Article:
When Aurora James founded the 15% Pledge, a non-profit organization that asks retailers to commit to dedicating 15% of their inventory to Black-owned businesses on June 1, Sephora was one of the four major brands to whom she addressed the pledge. “Sephora is such a huge company, has so many stores, and is such a major touch point for so many women—and I also know how innovative they are,” James tells Vogue. “I’ve worked with them in the past, and I felt like they were in a really prime position to make this change.” Today, Sephora became the first retailer to take her up on the challenge.
“We were inspired to make the 15% Pledge because we believe it’s the right thing to do, for our clients, our industry and for our community,” Artemis Patrick, Sephora’s executive vice president and chief marketing officer, said in an emailed statement. “Ultimately, this commitment is about more than the prestige products on our shelves, it starts with a long-term plan diversifying our supply chain and building a system that creates a better platform for Black-owned brands to grow, while ensuring Black voices help shape our industry. We recognize we can do better and this pledge builds on our ongoing work to use our resources to drive meaningful and long-term change for Sephora and our industry.”
Together, James and Sephora have established a long-term commitment that will bring Black-owned beauty brands into Sephora’s stores and hold the retailer accountable for its pledge. “Part of why I created the 15% Pledge as an organization after I announced it as an idea was so that we could continue to stick around and actually hold them accountable and work with them in getting over the hiccups and the hangups that could come along the way. I’ve also committed to being a resource to some of these businesses to help them execute in a meaningful way,” James says. “That level of accountability is exactly why a company like Target would prefer to just donate $10 million instead of actually committing to a long term change and committing to being accountable. I think that’s the difference between these donation requests versus the 15% Pledge,” she continues, explaining that while donations are necessary and beneficial, the commitment to change is what will help the 15% Pledge and Black-owned businesses be successful in the future.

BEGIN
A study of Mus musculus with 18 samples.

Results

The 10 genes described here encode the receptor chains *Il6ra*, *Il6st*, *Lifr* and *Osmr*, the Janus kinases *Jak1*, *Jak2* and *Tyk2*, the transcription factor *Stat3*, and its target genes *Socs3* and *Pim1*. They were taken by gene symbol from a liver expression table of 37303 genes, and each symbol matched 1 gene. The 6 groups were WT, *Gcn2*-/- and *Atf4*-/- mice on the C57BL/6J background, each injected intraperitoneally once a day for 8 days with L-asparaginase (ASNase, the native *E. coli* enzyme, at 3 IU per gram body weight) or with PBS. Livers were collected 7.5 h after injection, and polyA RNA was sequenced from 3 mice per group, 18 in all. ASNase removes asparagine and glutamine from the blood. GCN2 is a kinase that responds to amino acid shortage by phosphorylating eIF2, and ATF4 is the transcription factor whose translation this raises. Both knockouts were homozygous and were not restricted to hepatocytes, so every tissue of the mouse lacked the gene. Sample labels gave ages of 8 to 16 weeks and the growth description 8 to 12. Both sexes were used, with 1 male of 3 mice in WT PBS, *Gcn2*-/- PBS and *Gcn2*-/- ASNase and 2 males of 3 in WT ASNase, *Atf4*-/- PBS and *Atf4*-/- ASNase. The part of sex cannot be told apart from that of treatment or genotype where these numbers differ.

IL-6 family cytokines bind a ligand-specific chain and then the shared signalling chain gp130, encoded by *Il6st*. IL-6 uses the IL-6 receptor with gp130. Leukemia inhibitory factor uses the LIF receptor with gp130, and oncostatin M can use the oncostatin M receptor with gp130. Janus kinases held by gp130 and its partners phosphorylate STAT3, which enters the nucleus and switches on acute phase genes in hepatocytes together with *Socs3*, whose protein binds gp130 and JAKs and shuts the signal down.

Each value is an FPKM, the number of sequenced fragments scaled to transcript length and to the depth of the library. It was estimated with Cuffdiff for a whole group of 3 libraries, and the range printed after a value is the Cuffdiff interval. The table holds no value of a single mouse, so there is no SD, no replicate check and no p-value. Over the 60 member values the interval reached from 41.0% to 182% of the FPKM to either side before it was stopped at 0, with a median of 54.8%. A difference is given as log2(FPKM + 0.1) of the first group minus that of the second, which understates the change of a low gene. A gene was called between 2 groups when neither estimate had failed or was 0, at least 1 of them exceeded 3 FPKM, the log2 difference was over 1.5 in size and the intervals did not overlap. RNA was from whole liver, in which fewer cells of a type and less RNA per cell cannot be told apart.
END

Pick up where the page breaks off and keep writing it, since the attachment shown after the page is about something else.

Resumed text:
Online, the announcement has resulted in a groundswell of support. “Sephora is such a huge business and their willingness to jump on board and do this in such a meaningful holistic way really strips away the excuses that a lot of other retailers might have,” James says. “They are also committing to really sharing their strategies, methods, and goals publicly, so that will also lay a great roadmap for other companies to be able to follow.”
James is still hoping to get WholeFoods, Shopbop, and Target—the other three retailers she mentioned in her original post—to take the pledge. She’s also focusing on luxury fashion retailers. “If we talk specifically about fashion and about businesses like Shopbop, like Net-a-Porter, like MatchesFashion, like Moda Operandi, like Nordstrom, I think that it’s really about taking a look at the landscape, taking a look at which Black designers exist in the space who have product that fits in with your customer, and meeting with them and talking to them about what that looks like and then onboarding them in the way that you might take the care to onboard another huge brand,” James says. “We see, all the time, how these companies celebrate the onboarding of other brands in their marketing, in their press, and in their communication. We really want to see them do that same thing with Black-owned businesses, as well—and to actively start seeking them out.”
Followers and supporters of the Pledge can sign an online petition—James estimates it has almost 100,000 signatures so far—donate to the cause, and engage with and share the @15percentpledge’s content. Meanwhile, James continues to support artisans around the world via her own business Brother Vellies. “Doing this sort of thing puts a strain on me, emotionally,” she say. “Obviously I am still a Black person who is going through everything right now on the heels of a pandemic. It also puts a strain on my business. I’ve been working almost 20 hours a day on the Pledge since I launched it 11 days ago—that element is a lot.” (The Pledge will soon announce other officials). “From the Brother Vellies perspective,” she explains, “we launched the Something Special program. That’s my specific program to help support our artisan partners around the world. Jumping on board for something like that, which is a monthly commitment of $35, is really helpful for our community too.”
She continues, “I’m not going to stop, and anyone who is interested in talking in those companies, we welcome them reaching out. There are some conversations that are ongoing that I hope can turn into more exciting announcements in the future. This is really about standing up for economic equality and racial justice. People are like, ‘Well, it’s a lot of work.’ You know what? Black people in America have been working really hard for a really long time. I don’t think that’s an excuse. The time to act is now and I think that we are always going to remember the companies that stood with us and those that chose to stand silent in this moment because their silence is deafening.”